The yogic Staff Pose (Dandasana in the original Sanskrit) is a perfect beginner’s pose because it is a starting position for many of other yoga positions that are held on the floor. The Staff pose appears deceptively easy, but if you hold it correctly, it will always offer a challenge.
To begin, sit on the floor with your legs together, stretched out in front of you, and with your feet hips’ width apart. If you have trouble sitting up perfectly straight, you may begin practicing this pose with your back against a wall to help you achieve the correct posture, but you will need to begin training your muscles to hold your back straight as well. Sit with your shoulders in line with your hips, and visualize a rod running from the top of your head, down your spine, through your tail bone and into the floor. This will help you keep your head, back, and hips in perfect, straight alignment.
Next, place your fingertips against the floor, facing forward toward your toes, with your hands positioned just slightly behind your hips. If it is not painful, press your hands down until your palms touch the floor. Become conscious of your body and ground it to the floor. Stretch your legs, and without locking your knees, keep the backs of your legs pressed against the floor. Keep your feet in the natural position with the toes pointed upward. Now, engage the thigh muscles and flex your feet.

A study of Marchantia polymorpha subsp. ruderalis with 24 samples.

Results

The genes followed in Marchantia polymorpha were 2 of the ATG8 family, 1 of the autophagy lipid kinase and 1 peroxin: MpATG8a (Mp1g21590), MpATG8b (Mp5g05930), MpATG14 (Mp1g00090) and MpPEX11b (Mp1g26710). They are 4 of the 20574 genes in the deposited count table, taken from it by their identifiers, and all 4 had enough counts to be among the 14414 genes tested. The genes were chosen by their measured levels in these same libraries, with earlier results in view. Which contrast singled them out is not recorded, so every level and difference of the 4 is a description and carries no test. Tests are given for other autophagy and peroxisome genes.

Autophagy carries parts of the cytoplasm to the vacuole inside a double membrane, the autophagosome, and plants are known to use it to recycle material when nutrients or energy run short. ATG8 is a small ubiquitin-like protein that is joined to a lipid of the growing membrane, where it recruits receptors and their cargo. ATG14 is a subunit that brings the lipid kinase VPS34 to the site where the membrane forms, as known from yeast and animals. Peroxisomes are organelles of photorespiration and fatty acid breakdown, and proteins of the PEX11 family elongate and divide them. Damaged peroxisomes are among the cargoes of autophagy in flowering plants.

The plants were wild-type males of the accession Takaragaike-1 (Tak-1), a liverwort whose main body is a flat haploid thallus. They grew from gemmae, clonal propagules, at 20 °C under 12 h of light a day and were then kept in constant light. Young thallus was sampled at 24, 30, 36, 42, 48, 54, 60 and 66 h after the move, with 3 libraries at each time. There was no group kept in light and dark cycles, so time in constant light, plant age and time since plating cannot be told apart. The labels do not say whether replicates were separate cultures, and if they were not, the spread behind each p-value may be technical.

Press down, through your fingertips, as you stretch your core upward by pressing against the floor. Visualize yourself growing taller and taller, and concentrate on the muscles of your core as they work to elongate your torso. Lift your chest while dropping your shoulder blades and opening your collar bones. Keep your breathing natural and steady, and your gaze forward with your chin slightly tucked. Try holding this position for five breathes before relaxing and repeating three times.
This pose will dramatically improve your posture, and it has been recommended for those with reproductive organ troubles or sciatica. It will bring a sense of calm and promote the functioning of the kidneys and other digestive organs. If you have severe back problems, such as a slipped disk, begin practicing this pose carefully and do not cause pain. If you feel pain at any point while achieving this pose, modify it until it feels like a challenge to your muscles without causing pain.